It’s time for our annual countdown of the 25 best jazz albums of the year. In 2015, there was really only one Big Story in jazz, and that was the rise and crossover success of saxophonist Kamasi Washington. He’s been on the scene for a decade or more, playing on albums by George Duke, Stanley Clarke, Gerald Wilson, and many others. All the way back in 2004, he released an album with the Young Jazz Giants, a quartet featuring the brothers Ronald and Stephen “Thundercat” Bruner. But this year, he broke out to a truly shocking degree. He was a featured musician and arranger on rapper Kendrick Lamar‘s introspective, complicated hip-hop album To Pimp A Butterfly, which perfectly set the stage for his own three-CD debut album, The Epic. He’s been able to sell his album, his shows (which are rousing, populist parties that recall Parliament-Funkadelic and Archie Shepp at once), and his story to an audience that hasn’t paid this kind of attention to jazz (and make no mistake, this is real jazz, with no concessions to hip-hop, rock or pop) since Charles Lloyd was playing the Fillmores East and West in the 1960s. And the music’s even good!
(Spoiler alert: The Epic will be on this list.)
As always, of course, artists without a tenth of a percentage of Washington’s press profile were doing fantastic work, too. Two dozen more albums every bit as worthy of your ears and your money will also be spotlit this week. Shall we begin?
25. Kirsten Edkins, Art and Soul
Saxophonist Kirsten Edkins’ self-released debut is a soulful, groove-oriented set featuring Larry Goldings on piano and Hammond B3, bassist Mike Valerio, and drummer Mark Ferber. On various tracks, guests (trumpeter Mike Cottone, trombonist Ryan Dragon, and guitarist Larry Koonse) drop in. “Good Blood,” where both trumpet and trombone are present and producer Bob Sheppard is heard on bass clarinet, while Edkins plays alto, is a lush highlight, recalling early ’70s Herbie Hancock. Picking up the soprano, she harmonizes with Sheppard on the winding lines of “The Bug.” On the ballad “Soul Eyes,” her tenor playing is supple and thoughtful. Edkins is a multifaceted player who can strut and sway with equal facility; this debut promises a bright future.
24. Milford Graves/Bill Laswell, Space/Time – Redemption
When bassist/producer Bill Laswell curated a residency at John Zorn‘s performance space The Stone in 2014, he and drummer Milford Graves improvised together. This studio disc (full review here) follows that initial pairing. The drums are recorded in an extremely naturalistic manner, and paired with an effects-slathered bass and occasional, minimal keyboard melodies—it’s an unexpected combination, and one that causes the ear to gravitate toward the spacier, “weirder” sounds. Space/Time – Redemption is a collision of two aesthetics that on the surface couldn’t be farther apart. But pairing Graves with a more “traditionally free” bassist would probably have been much less satisfying than this weird, dreamlike encounter.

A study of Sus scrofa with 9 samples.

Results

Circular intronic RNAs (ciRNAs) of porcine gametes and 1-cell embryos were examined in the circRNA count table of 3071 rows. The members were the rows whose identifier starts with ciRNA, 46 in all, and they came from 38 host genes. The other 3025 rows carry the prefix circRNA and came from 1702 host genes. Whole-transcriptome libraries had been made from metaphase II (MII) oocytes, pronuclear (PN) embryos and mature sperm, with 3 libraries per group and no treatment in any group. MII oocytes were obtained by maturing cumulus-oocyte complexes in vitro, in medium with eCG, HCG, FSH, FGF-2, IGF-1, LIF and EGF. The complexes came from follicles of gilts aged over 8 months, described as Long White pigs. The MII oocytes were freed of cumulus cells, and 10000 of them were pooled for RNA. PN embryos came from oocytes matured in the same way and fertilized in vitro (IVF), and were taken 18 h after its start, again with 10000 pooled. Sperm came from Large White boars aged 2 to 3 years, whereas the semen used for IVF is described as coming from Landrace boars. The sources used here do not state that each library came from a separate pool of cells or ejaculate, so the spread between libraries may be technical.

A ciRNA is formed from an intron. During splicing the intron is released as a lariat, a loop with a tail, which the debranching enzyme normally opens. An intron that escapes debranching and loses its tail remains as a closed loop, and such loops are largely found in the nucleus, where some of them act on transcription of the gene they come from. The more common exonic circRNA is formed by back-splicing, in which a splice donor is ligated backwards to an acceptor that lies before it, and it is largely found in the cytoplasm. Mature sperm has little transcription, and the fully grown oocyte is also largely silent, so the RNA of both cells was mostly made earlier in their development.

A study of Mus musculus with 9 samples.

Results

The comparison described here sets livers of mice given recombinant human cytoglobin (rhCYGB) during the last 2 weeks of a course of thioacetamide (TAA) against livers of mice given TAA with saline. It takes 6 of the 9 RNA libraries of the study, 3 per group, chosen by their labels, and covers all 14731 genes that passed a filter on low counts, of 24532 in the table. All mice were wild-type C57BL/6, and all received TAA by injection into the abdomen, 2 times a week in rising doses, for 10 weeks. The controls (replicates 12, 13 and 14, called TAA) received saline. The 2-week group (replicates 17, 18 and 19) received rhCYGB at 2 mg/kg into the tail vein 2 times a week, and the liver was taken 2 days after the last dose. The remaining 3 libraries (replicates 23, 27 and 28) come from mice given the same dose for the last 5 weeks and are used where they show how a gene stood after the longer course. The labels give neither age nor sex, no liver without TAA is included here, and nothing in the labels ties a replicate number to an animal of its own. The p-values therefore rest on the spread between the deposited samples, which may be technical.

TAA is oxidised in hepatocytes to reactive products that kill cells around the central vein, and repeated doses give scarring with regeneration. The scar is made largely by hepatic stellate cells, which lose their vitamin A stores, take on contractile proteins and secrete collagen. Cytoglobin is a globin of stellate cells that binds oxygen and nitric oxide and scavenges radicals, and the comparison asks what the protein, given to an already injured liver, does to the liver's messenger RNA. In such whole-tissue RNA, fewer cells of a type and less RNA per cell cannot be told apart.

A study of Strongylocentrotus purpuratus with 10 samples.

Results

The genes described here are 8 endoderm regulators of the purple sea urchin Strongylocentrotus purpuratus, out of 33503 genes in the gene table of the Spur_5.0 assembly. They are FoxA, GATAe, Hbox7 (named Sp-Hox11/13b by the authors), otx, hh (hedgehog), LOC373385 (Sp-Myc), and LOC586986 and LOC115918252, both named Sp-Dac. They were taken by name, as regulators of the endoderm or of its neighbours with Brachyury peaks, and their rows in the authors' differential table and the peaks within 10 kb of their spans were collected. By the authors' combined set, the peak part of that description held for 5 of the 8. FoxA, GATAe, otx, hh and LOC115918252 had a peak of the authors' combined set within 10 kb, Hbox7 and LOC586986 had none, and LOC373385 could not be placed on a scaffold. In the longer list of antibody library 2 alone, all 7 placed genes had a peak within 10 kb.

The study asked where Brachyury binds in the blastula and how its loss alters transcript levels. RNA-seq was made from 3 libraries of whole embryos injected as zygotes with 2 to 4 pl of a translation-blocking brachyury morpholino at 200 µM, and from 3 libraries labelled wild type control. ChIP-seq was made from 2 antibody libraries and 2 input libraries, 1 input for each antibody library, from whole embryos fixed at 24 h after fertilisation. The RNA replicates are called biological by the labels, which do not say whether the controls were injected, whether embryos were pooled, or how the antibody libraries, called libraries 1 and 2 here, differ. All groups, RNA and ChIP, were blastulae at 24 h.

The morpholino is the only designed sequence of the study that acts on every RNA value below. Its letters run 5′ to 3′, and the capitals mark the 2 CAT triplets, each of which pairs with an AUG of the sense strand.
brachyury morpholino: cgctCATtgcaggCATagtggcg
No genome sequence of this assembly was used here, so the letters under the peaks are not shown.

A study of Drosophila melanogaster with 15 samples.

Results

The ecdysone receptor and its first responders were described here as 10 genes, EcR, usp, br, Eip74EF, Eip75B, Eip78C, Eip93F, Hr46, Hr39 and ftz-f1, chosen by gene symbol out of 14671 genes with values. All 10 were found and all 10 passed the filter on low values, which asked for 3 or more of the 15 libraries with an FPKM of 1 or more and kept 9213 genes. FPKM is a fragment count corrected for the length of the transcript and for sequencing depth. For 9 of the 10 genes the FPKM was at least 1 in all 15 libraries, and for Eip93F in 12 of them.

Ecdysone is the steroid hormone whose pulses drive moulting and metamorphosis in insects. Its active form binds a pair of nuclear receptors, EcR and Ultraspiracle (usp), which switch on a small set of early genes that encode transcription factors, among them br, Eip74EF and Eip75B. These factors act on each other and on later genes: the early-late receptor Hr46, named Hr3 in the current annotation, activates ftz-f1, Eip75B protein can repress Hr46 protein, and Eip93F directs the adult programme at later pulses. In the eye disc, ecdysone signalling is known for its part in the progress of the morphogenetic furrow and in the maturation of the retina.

23. The Adam Larson Quintet, Selective Amnesia
Saxophonist Adam Larson is joined by pianist Fabian Almazan, guitarist Matthew Stevens, bassist Matt Penman and drummer Jimmy Macbride for his third album, which features eight of his own compositions, with witty titles like “Shitpay,” “Your Loss,” and “The Dope Pope.” The music is very modern, and thus a little dispassionate at times, but the quality of the playing is undeniable. And it never sounds like homework; far from it. “Shitpay” has a loping energy that’s almost Latin jazz, while “Disguise” is a softly exploratory romance (not quite a ballad; Macbride, like Tony Williams, is too active on the hi-hat to let things get too soothing).
22. The Thing, Shake
21. Rodrigo Amado, This Is Our Language
Saxophonist Rodrigo Amado of Portugal teams up with three Americans—saxophonist and trumpeter Joe McPhee, bassist Kent Kessler, and drummer Chris Corsano—for a thoughtful four-way conversation full of carefully negotiated harmonies, free clatter and squawk, and throbbing groove. McPhee never fully takes over, but he keeps the nominal leader on his toes at all times, and the “rhythm section” pay attention to each other when they feel like it, but spend just as much of the album going their own way. There’s plenty of back-and-forth murmuring, and relatively little full-on blare, all things considered. These guys can get loud, but they’d rather surprise with compelling dialogue.